Newswise — Human pancreatic cancer cells dramatically regress when treated with chemotherapy in combination with a synthetic compound that mimics the action of a naturally occurring “death-promoting” protein found in cells, researchers at UT Southwestern Medical Center have found.
The research, conducted in mice, appears in today’s issue of Cancer Research and could lead to more effective therapies for pancreatic and possibly other cancers, the researchers said.
“This compound enhanced the efficacy of chemotherapy and improved survival in multiple animal models of pancreatic cancer,” said Dr. Rolf Brekken, associate professor of surgery and pharmacology and the study’s senior author. “We now have multiple lines of evidence in animals showing that this combination is having a potent effect on pancreatic cancer, which is a devastating disease.”
In this study, Dr. Brekken and his team transplanted human pancreatic tumors into mice, then allowed the tumors to grow to a significant size. They then administered a synthetic compound called JP1201 in combination with gemcitabine, a chemotherapeutic drug that is considered the standard of care for patients with pancreatic cancer. They found that the drug combination caused regression of the tumors.
“There was a 50 percent regression in tumor size during a two-week treatment of the mice,” Dr. Brekken said. “We also looked at survival groups of the animals, which is often depressing in human therapeutic studies for pancreatic cancer because virtually nothing works. We found not only significant decrease in tumor size, but meaningful prolongation of life with the drug combination.”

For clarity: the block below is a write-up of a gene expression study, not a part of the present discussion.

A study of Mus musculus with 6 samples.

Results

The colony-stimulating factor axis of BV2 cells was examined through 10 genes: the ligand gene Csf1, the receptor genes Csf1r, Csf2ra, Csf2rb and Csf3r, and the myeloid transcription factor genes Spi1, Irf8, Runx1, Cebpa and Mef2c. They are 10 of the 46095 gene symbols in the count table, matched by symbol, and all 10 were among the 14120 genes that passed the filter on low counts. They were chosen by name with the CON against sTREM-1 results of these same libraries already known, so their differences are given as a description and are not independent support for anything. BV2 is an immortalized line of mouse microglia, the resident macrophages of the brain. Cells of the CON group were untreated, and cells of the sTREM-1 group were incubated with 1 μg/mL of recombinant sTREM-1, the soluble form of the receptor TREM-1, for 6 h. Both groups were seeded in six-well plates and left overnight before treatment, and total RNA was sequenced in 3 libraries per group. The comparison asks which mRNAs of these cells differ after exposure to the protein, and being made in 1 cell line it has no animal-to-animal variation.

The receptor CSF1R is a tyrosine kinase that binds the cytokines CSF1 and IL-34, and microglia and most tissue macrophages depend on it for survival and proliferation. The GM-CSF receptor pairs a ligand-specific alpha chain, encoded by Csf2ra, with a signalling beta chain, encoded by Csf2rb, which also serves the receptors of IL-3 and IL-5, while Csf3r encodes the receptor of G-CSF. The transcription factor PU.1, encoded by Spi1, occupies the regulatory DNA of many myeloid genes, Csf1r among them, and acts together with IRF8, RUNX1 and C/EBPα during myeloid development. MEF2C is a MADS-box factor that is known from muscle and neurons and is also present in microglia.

The drug combination was also effective in an aggressive model of spontaneous pancreatic cancer in mice.
The compound JP1201 was created in 2004 by UT Southwestern researchers to mimic the action of a protein called Smac. The researchers discovered Smac in 2000 and found that this protein plays a key role in the normal self-destruction process present in every cell.
Cell death, or apoptosis, is activated when a cell needs to be terminated, such as when a cell is defective or is no longer needed for normal growth and development. In cancer cells, this self-destruct mechanism is faulty and lead to breaks in the cell-death cascade of events. The synthetic Smac, or Smac mimetic, developed at UT Southwestern inhibits these breaks, allowing the cell to die.
“In essence, we’re inhibiting an inhibitor,” Dr. Brekken said. “And we’re allowing the apoptotic cascade to kick off, resulting in the death of cancer cells.”
UT Southwestern researchers are using Smac mimetics in breast and lung cancer research, as well. Dr. Brekken said the next step is to develop a compound based on JP1201 that can be tested in humans in clinical trials.
Other UT Southwestern researchers involved in the study included lead author Dr. Sean Dineen, surgery resident; Dr. Christina Roland, surgery resident; Rachel Greer, student research assistant in the Nancy B. and Jake L. Hamon Center for Therapeutic Oncology Research; Juliet Carbon, senior research associate in surgery and in the Hamon Center; Jason Toombs, research assistant in surgery and in the Hamon Center; Dr. Puja Gupta, a pediatric hematology/oncology fellow; Dr. Noelle Williams, associate professor of biochemistry; and Dr. John Minna, director of the W.A. “Tex” and Deborah Moncrief Jr. Center for Cancer Genetics and of the Hamon Center.
The research was supported by Susan G. Komen for the Cure and Joyant Pharmaceuticals, a Dallas-based company and UT Southwestern spinoff that is developing medical applications of Smac-mimetic compounds.